Breaking habits is difficult.
On the third day of the upcoming workshop, as a total change of pace, I will present experimental watercolor techniques that can be used both en plein air and in the studio… while at the same time, recycling unsuccessful or incomplete paintings that have lost their spark for the artist. It’s an excellent use of both time and materials, having fun while solving problems of values, design and color. Only the most stubborn artist will fall into well worn habits of how to approach a painting. The piece of paper starts off less than precious. Perhaps it has already made its way into the trash. Nothing to lose …. right?
Left Image: An ancient painting that I already recycled into a coptic bound sketchbook and was still impossible for me to imagine transforming into something that I didn’t make me grit my teeth.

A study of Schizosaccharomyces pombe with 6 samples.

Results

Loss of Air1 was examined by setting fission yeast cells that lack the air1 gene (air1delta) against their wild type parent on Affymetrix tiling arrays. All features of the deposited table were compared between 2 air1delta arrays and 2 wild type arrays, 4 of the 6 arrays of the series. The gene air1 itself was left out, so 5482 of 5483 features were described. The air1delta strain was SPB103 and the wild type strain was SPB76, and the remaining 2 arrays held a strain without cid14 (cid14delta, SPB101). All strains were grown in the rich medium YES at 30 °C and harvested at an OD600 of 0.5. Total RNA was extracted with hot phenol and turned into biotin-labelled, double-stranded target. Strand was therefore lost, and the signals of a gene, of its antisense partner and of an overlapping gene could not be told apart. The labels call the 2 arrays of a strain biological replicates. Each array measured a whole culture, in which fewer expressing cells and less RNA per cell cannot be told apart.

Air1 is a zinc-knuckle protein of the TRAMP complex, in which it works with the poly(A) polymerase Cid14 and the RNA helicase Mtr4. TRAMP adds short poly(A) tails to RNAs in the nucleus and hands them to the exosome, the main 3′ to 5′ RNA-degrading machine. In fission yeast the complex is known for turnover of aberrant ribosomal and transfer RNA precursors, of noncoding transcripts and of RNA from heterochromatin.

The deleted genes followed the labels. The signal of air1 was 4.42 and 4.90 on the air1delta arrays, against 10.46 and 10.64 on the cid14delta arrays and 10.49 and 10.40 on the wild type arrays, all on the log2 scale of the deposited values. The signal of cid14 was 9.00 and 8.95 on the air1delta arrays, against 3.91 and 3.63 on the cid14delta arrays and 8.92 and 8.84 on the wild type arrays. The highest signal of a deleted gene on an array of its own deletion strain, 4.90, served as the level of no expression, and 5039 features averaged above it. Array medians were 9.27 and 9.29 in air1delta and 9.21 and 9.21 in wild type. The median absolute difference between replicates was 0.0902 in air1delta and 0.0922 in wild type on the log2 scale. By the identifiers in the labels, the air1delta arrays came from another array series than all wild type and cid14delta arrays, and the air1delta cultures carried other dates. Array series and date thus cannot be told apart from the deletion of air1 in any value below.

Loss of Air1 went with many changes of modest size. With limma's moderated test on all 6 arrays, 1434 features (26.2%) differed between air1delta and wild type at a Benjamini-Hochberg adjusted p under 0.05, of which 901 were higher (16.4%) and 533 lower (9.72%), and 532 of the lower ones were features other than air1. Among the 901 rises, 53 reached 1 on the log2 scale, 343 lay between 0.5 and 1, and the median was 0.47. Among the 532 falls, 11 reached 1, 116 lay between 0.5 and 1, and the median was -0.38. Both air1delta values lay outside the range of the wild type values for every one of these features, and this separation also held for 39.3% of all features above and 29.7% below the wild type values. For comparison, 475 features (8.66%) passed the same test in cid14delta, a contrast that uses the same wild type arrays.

Right Image: Using a small doily that fits nicely in my pocket, a ripped piece of newspaper, a dried, fallen leaf and my Martha Stewart little round sponges the painting has been given a new life and I learned i little more of how useful neutrals can be to bring subtle and moody life into a painting.
For those of you attending the Santa Rosa workshop at RileyStreet Art Supply, start thinking about which rejected paintings you might want to try to breathe life into.
There’s a good chance that this will be the last post until I return to the studio after May 18th. After that…. watch out! I will have a plethora of paintings to post from my plein air days at Sea Ranch!